MANY SEAFOOD markets, including the country's largest, will be forced to halt business as they are running out of supplies with the tougher fishing regulations coming into effect from Wednesday.
The prices of seafood in many areas of the country continued to increase yesterday after fishing boats that failed to adhere to the new rules were forced to be docked.
The Talay Thai seafood market in Samut Sakhon, the country's largest, will have to be closed for business from tomorrow because no seafood supplies will arrive due to the halt in fishing activity, Thailand Fishery Association vice president Monkol Sukcharenkana said yesterday.
Many other seafood markets and fishing piers will also be closed, he said.
"I cannot say when the seafood markets will resume their business. It depends solely on the government decision. If the government continues its strict enforcement of fishery regulations, without allowing trawler owners more time to prepare, there will be no seafood in the market," Monkol said.
He clarified that the fisheries industry was not halting its activities to show its opposition to the governmental regulations, but the new regulations meant the fishing vessels could not go fishing.
Vendors at Talaad Thai, the country's largest wholesale fresh market in Pathum Thani, reported increases of seafood prices between Bt20 and Bt50 a kilogram for each of the products, as supplies were fast dwindling.
Seafood vendor Osara Srisa-nga said sea fish supplies had already run out, as fishing piers were being closed. She expected all the fishing piers in Mahachai area, which supplies seafood to most parts of the country, to be closed today, squeezing supplies to consumers and factories.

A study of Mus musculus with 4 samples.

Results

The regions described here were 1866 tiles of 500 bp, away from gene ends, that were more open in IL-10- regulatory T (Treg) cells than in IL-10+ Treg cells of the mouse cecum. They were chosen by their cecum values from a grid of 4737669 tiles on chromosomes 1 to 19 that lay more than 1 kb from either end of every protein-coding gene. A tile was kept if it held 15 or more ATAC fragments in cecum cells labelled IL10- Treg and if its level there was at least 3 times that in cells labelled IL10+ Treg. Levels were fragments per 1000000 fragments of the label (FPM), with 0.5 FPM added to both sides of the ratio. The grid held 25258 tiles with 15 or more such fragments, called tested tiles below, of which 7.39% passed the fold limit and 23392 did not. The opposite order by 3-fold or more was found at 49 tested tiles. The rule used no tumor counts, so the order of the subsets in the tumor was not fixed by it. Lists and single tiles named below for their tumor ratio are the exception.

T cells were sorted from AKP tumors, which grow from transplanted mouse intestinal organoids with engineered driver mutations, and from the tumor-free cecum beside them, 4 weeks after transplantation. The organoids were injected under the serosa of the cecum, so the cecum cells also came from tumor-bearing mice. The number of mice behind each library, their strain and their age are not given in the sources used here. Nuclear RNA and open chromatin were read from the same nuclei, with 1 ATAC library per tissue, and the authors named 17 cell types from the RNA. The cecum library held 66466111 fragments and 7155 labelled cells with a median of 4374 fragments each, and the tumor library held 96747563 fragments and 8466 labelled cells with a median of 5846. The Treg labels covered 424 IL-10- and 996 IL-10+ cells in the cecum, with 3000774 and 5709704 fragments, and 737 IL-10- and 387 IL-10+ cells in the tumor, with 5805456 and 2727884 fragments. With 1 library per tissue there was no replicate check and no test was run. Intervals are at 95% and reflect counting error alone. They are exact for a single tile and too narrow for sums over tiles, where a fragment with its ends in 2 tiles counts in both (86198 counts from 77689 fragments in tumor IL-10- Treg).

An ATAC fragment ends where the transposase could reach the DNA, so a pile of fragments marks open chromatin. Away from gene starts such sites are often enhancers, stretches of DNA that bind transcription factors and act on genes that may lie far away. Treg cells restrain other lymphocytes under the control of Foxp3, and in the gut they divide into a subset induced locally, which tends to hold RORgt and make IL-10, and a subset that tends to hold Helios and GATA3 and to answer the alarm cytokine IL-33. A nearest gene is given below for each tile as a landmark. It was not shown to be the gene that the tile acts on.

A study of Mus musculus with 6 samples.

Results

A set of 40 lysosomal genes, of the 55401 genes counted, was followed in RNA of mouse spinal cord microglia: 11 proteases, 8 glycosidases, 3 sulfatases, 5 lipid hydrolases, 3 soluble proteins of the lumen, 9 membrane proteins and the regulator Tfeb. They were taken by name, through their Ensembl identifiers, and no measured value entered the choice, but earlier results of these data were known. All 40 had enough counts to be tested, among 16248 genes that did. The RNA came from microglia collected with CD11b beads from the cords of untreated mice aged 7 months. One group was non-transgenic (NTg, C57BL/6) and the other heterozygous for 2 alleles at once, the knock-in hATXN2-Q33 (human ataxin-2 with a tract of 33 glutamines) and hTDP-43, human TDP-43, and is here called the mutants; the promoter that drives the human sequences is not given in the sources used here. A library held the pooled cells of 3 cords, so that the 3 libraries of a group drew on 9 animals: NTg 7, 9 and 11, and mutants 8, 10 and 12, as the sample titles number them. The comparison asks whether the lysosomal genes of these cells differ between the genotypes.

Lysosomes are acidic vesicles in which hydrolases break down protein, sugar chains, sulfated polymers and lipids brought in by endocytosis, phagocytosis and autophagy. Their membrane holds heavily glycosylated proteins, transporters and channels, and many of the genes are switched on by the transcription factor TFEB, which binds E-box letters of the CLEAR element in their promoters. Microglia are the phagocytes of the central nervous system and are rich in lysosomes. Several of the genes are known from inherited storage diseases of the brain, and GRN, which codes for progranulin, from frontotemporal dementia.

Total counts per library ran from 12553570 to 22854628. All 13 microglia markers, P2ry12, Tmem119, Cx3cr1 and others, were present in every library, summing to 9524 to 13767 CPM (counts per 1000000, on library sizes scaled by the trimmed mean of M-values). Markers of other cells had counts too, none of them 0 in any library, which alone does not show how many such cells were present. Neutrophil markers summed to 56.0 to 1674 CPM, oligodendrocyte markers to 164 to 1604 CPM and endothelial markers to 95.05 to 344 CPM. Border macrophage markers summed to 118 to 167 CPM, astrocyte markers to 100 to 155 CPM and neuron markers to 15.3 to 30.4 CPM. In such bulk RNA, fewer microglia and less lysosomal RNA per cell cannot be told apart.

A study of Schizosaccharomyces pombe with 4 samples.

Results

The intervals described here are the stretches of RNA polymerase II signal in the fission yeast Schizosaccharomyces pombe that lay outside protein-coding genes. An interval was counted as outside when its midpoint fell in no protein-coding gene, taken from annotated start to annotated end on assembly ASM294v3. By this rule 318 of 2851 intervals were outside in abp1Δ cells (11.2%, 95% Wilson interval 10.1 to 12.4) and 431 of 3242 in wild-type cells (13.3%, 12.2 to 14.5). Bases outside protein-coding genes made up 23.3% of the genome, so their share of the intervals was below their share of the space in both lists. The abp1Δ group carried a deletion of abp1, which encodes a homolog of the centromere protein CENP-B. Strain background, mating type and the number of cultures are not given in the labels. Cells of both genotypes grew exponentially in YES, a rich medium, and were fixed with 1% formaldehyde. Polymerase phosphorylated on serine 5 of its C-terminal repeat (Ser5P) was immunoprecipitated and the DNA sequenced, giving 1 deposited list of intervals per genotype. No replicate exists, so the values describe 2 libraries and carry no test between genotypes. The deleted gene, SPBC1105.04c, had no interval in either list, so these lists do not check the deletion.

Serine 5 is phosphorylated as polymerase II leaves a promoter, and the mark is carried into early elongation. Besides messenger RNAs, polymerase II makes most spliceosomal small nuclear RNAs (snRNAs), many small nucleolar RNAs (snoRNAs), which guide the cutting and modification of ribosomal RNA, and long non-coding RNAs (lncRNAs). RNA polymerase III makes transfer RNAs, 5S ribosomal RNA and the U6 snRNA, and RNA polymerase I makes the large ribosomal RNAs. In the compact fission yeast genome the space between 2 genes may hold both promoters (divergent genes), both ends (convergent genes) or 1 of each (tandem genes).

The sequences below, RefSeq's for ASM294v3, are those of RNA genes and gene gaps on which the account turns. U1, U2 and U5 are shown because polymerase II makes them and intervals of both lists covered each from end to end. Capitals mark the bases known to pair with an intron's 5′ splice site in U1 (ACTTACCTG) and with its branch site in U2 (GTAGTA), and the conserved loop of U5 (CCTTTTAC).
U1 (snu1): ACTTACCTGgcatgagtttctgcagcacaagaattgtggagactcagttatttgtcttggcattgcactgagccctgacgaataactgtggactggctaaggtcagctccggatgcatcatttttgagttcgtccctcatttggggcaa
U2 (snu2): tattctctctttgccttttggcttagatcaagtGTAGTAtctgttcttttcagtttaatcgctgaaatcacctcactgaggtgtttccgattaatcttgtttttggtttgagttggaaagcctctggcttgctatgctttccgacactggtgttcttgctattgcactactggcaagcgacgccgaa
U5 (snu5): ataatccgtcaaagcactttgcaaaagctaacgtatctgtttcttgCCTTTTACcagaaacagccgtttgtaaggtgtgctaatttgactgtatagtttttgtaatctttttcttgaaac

Seafood products in other provinces, such as Krabi and Phitsanulok, were sold at higher prices yesterday although many shops still had much supply in their stocks. Vendors said they expected the prices to go even higher, as supply was running out. However, seafood prices in Mahachai remained unchanged yesterday due to the large amounts of stock in the vendors' cold storage.
In the southern province of Surat Thani, almost 3,000 fishing boats were forced back to port due to a shortage of qualified skippers and mechanics under the tougher regulations, according to Darunee Jindapan, head of the province's Fishery Port Office.
She expected a shortage of seafood in the province in the next few days.
Meanwhile, the authorities yesterday insisted that the tougher fishing rules would remain in effect, as the goal was to solve the problem of illegal, unreported and unregulated (IUU) fishing and avoid a European Union ban.
Agriculture and Cooperatives Minister Peetipong Phuengbun na Ayutthaya urged trawler operators to register their boats and comply with the regulations.
"The government does not mean to hurt anyone. But we have to adjust the country's fishing system. We want to know about the number of legal and illegal fishing boats," Peetipong said.
He said the EU would send its officials to Thailand in August to collect information about the country's efforts to solve the IUU problem.
The EU was expected to evaluate Thailand's performance in October.
The agriculture minister did not expect much impact on local seafood consumption. He said most of the supply came from farms, and not the sea.
Deputy Prime Minister Prawit Wongsuwan said yesterday that the Navy has started providing one-stop service in the sea to register fishing boats under the new regulations.
"We have to follow the rules or things could get worse," he said, adding the problem of illegal fishing boats has continued for more than two decades.
In a related development, the Bank of Thailand has lowered its forecast of gross domestic product (GDP) growth for the year from 3.8 to 3.0 per cent last month.
The BOT's latest GDP projection in June did not take into account the possible fallout of a prolonged drought or an EU ban on Thai exports due to IUU fishing, said Don Nakornthab, the bank's director of Macroeconomic Policy Office.